Before they joined Nynex, it could take as long as six months for the company to disconnect the lines of delinquent customers. The two engineers figured out how to do it faster by programming the company's giant IBM computers. “We automated that process to 14 days,” says Paul.

Today, Paul, 42, and Maciak, 37, bring that same problem-solving approach to their Bonita Springs business, Surround Technologies. They help the information technology departments of large companies with big computer systems gradually shift to new and better software. Clients have included Gannett, Verizon and GE Canada and the two business partners expect to double revenues again this year.

Big corporations often have their own software developers who maintain older systems. Surround provides these developers with a tool called Accelerator that helps them write complex software faster and better. In addition, they provide consulting services to information technology departments. Typically, the Accelerator system costs $35,000 to $60,000, depending on the size of the customer and annual maintenance runs 18% of that price.

Surround has benefited from the fact that many corporations have boosted their technology budgets because of the boom in mobile-phone and computer-tablet applications. Its Accelerator system helps software programmers write programs that can tie all kinds of devices together. “We see a lot of IT budgets coming back,” says Paul, Surround's CEO.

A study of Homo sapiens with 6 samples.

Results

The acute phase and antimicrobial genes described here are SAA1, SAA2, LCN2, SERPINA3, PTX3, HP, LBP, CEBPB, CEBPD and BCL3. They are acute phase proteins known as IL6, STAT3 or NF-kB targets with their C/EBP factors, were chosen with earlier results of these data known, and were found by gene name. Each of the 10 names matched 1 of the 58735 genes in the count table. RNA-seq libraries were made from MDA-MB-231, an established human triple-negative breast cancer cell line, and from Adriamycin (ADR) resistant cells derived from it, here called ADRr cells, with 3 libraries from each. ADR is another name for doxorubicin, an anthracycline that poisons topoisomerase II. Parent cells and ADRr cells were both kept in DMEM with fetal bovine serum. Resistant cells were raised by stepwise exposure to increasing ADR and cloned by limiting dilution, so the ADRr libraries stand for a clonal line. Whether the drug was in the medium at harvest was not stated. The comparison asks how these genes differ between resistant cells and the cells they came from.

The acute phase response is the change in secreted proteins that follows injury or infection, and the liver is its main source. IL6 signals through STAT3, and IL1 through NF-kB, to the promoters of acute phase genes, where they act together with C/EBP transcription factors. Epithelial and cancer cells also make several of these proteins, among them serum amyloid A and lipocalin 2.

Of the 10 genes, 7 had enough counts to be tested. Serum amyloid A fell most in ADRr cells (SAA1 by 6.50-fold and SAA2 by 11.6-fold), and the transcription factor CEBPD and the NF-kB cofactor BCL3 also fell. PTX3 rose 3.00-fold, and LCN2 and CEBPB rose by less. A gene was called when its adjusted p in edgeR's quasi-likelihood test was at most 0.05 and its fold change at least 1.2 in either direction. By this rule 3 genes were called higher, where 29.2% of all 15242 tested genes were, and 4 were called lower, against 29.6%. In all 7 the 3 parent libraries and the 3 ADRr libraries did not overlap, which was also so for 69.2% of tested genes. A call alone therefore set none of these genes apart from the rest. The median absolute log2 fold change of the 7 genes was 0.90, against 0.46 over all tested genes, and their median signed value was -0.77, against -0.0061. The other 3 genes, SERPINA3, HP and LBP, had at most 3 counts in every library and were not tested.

For example, Surround helped one retail-distribution company shift from keyboard commands on 20 separate computer screens to visual displays on a single screen. Now, with the click of a mouse, a user can move the icon of a truck from one location to another on a map and view and then move the merchandise inside each of these trucks. To do that, Surround has hired a graphic artist who enhances users' visual experiences.

Initially, Surround specialized in helping customers with IBM computers that operated on a specific software-development platform called Lansa. But since 2008 it expanded to include another platform called .Net, which is primarily for Windows software.

For most companies, upgrading all its software or shifting from one software-development platform to another all at once is too costly and risky. So companies use Surround's technology to gradually modernize their systems over time.

For Surround, the pool of customers is potentially much larger now that it can help companies that use or want to shift to the .Net platform. Paul says the company's revenues could double again in 2012. “Mobile [technology] really helped us,” says Paul.

Surround has been able to grow debt-free and without outside investors. “The hard thing is prioritizing,” he says. “We want to make sure we don't lose focus.”